Mild Christmas weather on the way

Published 7:00 am Saturday, December 21, 2019

By Skip Rigney
Weather at Christmas can be just about anything here in south Mississippi. This year it’s likely to fall into the pleasant category.
Today a low pressure system moving across the northern Gulf will bring rain. On Sunday as the low moves into Florida a few scattered showers may linger in our area. By Monday, high pressure will be spreading across the Gulf South. The slowly sinking air associated with the system will keep us dry through at least Thursday.
High pressure in the upper atmosphere will also be reflected in slightly warmer-than-average temperatures down here at the surface. Temperatures on Christmas Eve and Christmas Day will start in the 40s but are predicted to climb to near 70. The average daily range of past Christmases is about 40 degrees for the low and 60 for the high.
Unlike the summer months when actual temperatures are usually very close to the long-term average, in December the average is merely the spot approximately in the middle of some historically wild variations. Stick around for enough years and you’ll see it all. Well, almost.
For those who like to bundle up for Christmas, 1989 was your year. Frigid air from the Arctic brought Poplarville a low of 5 degrees on Christmas Eve and 6 degrees on Christmas Day. The high temperature on Christmas Eve was only 27, and on Christmas only 34. Let’s just say that as things began to thaw the day after Christmas, local plumbers were in high demand.
Even for those who don’t like it that cold, there are many of us who would enjoy at least one white Christmas. However, chances are you can celebrate every Christmas of a long life in Pearl River County and never see a snowy Noel.
But, it’s not impossible. Weather records show that a trace of snow was recorded in Picayune and Baton Rouge on Christmas 1953, although that probably wasn’t even enough for a dusting.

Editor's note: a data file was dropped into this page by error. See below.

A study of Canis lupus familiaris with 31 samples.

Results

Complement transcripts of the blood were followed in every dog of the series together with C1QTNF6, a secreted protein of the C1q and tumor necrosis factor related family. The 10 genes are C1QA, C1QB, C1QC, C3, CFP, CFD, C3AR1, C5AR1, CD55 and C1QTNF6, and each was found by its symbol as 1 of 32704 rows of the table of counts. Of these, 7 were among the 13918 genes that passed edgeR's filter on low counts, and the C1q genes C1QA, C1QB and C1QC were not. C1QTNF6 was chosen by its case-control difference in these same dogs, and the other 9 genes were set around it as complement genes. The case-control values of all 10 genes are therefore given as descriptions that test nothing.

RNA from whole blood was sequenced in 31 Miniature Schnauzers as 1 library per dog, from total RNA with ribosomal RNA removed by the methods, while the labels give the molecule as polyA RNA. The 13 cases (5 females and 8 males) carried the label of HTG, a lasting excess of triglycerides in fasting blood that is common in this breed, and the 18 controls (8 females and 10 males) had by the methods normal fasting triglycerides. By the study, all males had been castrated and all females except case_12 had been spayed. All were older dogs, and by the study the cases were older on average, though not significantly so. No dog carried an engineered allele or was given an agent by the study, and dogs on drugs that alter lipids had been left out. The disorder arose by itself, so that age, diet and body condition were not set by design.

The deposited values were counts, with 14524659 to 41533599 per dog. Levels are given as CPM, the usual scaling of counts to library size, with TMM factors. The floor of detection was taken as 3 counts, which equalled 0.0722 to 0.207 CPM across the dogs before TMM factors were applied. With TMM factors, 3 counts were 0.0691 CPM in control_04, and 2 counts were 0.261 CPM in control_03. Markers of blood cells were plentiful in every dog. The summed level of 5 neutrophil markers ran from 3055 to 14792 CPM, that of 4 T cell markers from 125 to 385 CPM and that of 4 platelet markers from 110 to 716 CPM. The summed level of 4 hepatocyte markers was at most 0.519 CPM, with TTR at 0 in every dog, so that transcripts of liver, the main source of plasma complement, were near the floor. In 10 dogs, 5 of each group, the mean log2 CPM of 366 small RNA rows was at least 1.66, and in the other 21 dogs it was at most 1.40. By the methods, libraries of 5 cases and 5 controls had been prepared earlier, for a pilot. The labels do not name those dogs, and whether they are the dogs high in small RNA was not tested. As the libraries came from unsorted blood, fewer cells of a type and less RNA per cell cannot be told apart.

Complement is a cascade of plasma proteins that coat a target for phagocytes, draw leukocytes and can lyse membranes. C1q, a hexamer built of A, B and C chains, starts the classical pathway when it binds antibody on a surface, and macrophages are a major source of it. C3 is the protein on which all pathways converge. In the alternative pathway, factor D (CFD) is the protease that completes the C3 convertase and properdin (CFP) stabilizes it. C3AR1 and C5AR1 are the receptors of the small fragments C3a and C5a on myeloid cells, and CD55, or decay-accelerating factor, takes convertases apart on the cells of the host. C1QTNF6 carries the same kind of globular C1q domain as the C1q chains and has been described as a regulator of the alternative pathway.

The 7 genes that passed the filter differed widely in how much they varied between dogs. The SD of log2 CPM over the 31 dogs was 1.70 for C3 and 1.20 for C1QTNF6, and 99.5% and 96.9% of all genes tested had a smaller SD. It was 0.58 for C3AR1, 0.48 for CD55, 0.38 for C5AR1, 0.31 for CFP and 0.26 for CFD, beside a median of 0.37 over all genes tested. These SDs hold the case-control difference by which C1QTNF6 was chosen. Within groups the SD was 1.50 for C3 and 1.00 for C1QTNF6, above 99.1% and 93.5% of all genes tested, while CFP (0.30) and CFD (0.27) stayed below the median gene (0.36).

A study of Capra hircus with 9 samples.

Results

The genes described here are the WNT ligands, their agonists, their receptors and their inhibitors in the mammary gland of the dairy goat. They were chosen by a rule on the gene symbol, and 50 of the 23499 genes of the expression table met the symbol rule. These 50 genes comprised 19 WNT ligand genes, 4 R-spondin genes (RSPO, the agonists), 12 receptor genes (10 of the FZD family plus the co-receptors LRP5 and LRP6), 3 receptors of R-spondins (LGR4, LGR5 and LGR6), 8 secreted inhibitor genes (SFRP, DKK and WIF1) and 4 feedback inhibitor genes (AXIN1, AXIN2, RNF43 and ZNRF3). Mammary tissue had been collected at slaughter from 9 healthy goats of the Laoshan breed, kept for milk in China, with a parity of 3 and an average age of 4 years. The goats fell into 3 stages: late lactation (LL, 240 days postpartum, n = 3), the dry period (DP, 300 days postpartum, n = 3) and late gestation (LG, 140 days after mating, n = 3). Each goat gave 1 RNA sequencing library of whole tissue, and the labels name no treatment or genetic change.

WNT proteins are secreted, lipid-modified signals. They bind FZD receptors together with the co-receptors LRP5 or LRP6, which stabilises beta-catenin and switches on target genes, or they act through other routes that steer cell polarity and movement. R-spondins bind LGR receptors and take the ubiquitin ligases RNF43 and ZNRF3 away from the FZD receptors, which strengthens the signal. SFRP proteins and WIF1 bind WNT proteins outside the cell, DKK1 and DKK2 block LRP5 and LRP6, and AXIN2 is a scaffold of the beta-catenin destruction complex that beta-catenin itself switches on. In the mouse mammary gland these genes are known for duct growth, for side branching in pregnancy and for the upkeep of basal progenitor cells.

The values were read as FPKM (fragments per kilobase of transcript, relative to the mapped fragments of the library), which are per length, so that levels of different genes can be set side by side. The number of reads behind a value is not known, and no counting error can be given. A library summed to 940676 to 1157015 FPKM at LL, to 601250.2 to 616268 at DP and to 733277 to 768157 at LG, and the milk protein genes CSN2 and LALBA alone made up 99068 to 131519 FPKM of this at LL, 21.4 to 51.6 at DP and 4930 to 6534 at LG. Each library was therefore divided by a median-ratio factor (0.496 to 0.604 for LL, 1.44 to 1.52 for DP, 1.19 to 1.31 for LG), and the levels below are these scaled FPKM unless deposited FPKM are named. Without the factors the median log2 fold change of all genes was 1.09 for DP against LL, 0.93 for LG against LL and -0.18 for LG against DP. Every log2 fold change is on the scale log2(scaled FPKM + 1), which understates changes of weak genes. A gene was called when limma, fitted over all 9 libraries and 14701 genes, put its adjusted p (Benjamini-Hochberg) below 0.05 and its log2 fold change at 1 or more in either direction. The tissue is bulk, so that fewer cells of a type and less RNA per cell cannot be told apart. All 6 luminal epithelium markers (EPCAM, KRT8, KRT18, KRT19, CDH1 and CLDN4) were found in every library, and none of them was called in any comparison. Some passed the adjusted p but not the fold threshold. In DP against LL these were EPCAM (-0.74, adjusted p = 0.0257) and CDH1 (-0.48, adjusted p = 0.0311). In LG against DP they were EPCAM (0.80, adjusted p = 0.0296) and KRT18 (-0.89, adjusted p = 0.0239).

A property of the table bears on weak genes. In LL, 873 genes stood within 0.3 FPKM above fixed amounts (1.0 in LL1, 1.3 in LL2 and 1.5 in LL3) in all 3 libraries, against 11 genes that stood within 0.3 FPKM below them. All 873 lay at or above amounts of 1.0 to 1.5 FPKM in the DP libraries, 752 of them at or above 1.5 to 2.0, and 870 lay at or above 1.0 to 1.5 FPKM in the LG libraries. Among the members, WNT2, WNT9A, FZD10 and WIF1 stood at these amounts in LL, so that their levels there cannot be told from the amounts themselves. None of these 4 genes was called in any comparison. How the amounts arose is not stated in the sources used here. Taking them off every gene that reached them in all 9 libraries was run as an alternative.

It’s ironic that New Orleans has seen more snow on Christmas Day than those of us in Pearl River County. In 2004 a low pressure system passing south of the Louisiana coast threw moisture just far enough north to give the Crescent City and other locations in southeast Louisiana about half an inch of snow on Christmas Day.
For those who prefer a more tropical feel to the holiday season, temperatures have climbed to between 75 and 81 degrees ten times in the last century, most recently in 2015 and 2016.
It seems to me that we could celebrate most appropriately if our temperatures were similar to those experienced in a small Judean town about 2000 years ago. However, the writers who recorded those events apparently thought there were more important aspects of the story to describe than the weather.
In fact, the weather is one of those gifts from above that, while we have become more adept at predicting it and moderating its effects, is perhaps best received by simply observing it in wonder, humbly offering thanks for it, and remembering that the One who oversees it became one of us and experienced cold and heat, rain and sunshine.
Happily, we can trust Him to see us through whatever weather may come our way.